House hunting apps giving agents a run for their money


Searching for a house in Nairobi can be a daunting task.

While it is supposed to be an adventurous and exciting exercise, especially if one is finally getting out of their parents’ nest, it can turn out to be a nightmare - not only emotionally, but also financially draining.

One even runs the risk of being conned when a simple request to view a house turns into a relay, where you part with a small fee before you reach the real landlord of the property.

You become a reluctant tourist as agents and caretakers take you round in circles, passing you from one contact to another as they give you directions to the house.

When you finally get to the house, the shocking news is: “Someone has paid for the house just right now, but I have more units down there I can show you.”

But you are broke and tired so you just head back to ‘Egypt’.

Such challenges are the reasons why some tech companies like have designed apps to ease the searches, taking competition to real estate agents.

“It has to be understood that we are not here to replace real estate agents. They have their role and we have ours,” says xPodd chief operating officer Nekoye Inzaule.

Other platforms in the market include,, Keja hunt, Nyumbani, and

There are also well-established property firms such as Optiven, Villa Care, Hass Consult, Azizi Realtors, Knight Frank Kenya, Dunhill Consulting, Fanaka Real Estate and Lloyd Masika that usually advertise their houses for sale and rent to prospective clients.

Unlike the traditional agent, xPodd connects tenants directly to landlords whose houses match the prospective tenant’s specifications for a small fee.

“Our services are real time. There is nothing like the house was paid for yesterday, what you see on our platform is available,” says Ms Inzaule, whose company has had about 19,000 client engagements so far.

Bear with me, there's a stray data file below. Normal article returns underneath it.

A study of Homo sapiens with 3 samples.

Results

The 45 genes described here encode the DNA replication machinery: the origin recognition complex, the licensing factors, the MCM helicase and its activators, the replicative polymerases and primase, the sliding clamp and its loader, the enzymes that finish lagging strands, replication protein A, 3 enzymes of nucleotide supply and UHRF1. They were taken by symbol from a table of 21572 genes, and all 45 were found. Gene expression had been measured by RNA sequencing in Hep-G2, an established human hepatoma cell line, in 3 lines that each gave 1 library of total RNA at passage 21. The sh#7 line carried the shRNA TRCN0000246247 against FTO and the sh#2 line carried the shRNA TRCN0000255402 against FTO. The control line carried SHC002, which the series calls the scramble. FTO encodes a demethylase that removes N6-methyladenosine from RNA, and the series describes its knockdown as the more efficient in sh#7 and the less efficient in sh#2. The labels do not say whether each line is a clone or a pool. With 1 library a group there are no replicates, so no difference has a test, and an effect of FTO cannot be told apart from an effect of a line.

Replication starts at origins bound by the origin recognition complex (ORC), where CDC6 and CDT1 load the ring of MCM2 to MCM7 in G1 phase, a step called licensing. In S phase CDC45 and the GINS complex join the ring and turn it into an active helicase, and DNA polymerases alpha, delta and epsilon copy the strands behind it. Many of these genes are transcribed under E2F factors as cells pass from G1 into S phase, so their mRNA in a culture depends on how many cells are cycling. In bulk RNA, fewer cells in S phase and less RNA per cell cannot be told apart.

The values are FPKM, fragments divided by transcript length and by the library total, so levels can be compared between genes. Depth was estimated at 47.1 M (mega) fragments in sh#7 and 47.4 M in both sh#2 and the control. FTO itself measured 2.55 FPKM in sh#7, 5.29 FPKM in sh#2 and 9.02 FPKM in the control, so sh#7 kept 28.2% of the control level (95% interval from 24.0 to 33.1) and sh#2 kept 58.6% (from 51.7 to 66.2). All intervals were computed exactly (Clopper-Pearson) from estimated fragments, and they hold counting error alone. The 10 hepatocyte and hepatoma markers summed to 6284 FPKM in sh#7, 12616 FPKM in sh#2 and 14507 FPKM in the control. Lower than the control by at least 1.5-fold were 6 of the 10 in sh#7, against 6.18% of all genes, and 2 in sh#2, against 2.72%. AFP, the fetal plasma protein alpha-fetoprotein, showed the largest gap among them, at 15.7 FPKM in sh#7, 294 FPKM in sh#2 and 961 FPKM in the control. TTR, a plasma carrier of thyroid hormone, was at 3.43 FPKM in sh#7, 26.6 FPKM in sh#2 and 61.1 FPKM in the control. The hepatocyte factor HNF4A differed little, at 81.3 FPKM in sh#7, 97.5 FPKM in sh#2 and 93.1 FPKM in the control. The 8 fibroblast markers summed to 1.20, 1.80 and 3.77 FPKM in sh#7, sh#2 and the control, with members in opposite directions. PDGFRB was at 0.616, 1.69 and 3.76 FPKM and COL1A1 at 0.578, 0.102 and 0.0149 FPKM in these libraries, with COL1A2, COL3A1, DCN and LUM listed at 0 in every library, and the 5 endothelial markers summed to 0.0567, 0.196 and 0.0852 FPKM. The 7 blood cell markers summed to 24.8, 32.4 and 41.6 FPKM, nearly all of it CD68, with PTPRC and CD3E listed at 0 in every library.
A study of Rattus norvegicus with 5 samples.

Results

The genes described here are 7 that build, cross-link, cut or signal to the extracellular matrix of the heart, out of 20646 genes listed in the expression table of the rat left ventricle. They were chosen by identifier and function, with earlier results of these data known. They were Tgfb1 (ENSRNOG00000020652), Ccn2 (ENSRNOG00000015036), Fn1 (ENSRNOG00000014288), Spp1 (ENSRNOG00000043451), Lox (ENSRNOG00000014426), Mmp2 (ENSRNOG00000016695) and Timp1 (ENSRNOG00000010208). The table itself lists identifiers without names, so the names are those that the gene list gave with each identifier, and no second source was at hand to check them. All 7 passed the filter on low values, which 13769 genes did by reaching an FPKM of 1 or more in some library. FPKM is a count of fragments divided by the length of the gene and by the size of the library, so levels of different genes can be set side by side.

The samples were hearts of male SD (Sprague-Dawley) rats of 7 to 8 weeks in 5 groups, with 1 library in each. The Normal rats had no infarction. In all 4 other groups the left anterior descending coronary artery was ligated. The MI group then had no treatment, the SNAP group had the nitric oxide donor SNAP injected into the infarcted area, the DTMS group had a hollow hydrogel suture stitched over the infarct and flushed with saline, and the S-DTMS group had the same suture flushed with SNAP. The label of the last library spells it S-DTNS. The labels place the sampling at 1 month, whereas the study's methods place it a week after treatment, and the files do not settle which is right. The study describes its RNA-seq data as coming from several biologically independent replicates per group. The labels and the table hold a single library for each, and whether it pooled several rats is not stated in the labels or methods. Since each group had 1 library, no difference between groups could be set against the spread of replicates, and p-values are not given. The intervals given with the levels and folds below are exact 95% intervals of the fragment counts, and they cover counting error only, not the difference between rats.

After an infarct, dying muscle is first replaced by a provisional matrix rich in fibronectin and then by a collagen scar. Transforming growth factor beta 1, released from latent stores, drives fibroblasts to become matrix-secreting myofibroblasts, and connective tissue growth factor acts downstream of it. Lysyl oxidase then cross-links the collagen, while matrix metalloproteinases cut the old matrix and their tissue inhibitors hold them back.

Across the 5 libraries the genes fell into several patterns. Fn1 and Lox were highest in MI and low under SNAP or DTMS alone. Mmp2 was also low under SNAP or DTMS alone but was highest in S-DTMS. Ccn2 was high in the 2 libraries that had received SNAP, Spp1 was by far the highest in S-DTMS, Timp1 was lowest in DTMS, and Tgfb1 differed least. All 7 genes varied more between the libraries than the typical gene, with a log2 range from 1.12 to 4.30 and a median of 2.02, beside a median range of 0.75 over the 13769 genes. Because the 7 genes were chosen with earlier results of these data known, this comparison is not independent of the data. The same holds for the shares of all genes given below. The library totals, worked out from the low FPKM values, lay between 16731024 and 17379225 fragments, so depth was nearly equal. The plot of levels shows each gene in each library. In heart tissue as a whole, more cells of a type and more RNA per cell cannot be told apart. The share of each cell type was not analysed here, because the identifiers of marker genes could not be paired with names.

Each online platform seeks to be as unique as possible. For example, xPodd, Inzaule says, reduces the noise in the internet for house or space hunting.

It also gives tenants a chance to be as detailed as possible on what they want and where they want the space.

“Our system can filter. For example, if you put all the details and say ‘it must be ground floor’, we are able to provide (a house) on ground floor,” Inzaule says.

“Our job is to make sure we get you at least three units that fit your requirement. If there are less than three, we will call you and say we have two or at times just one.”

Sammy Mwirotsi, a software developer at rental property management system Nyumbani, says such platforms while being seen as competition by real estate agents have helped to streamline the sector.

Nyumbani provides real-time reconciliation of rent receipts.

“There are tenants who pay less than the required amount on mobile money then they edit the message before forwarding it (to the agent or landlord), so we corrected that issue by providing a real time reconciliation tool,” says Mr Mwirotsi.

He adds that the platform will expand its scope to list all houses in their system for free to ensure transparency as there are numerous fraudsters out to swindle house hunters.

Inzaule says xPodd advises clients not to pay when they make their order to ensure trust in the system.

“When you make the order, you do not pay. At that point when you are ready to post, you will be told how much you pay once your requirements are matched with the available property,” she says.

“Charges are between Sh300 and Sh2,500 and you have the option of paying before submitting your details or once you are matched. This fee is refundable.”

Once you are matched, photos of the houses with their respective GPS location will be shared alongside contact of the respective landlords and another number from an official from xPodd who will be available to accompany you when you meet for complete the deal.

“If somehow you are not able to get what we promised you, we do 100 per cent refund.”

Maurice Ochieng, owner of real estate firm Property & Discounts Ltd, says the online platforms are the future of the business, but insists that people should do due diligence when transacting.  

“What this technology has done is shorten the time when you do due diligence,” he said.

While the apps give information, verification is still needed.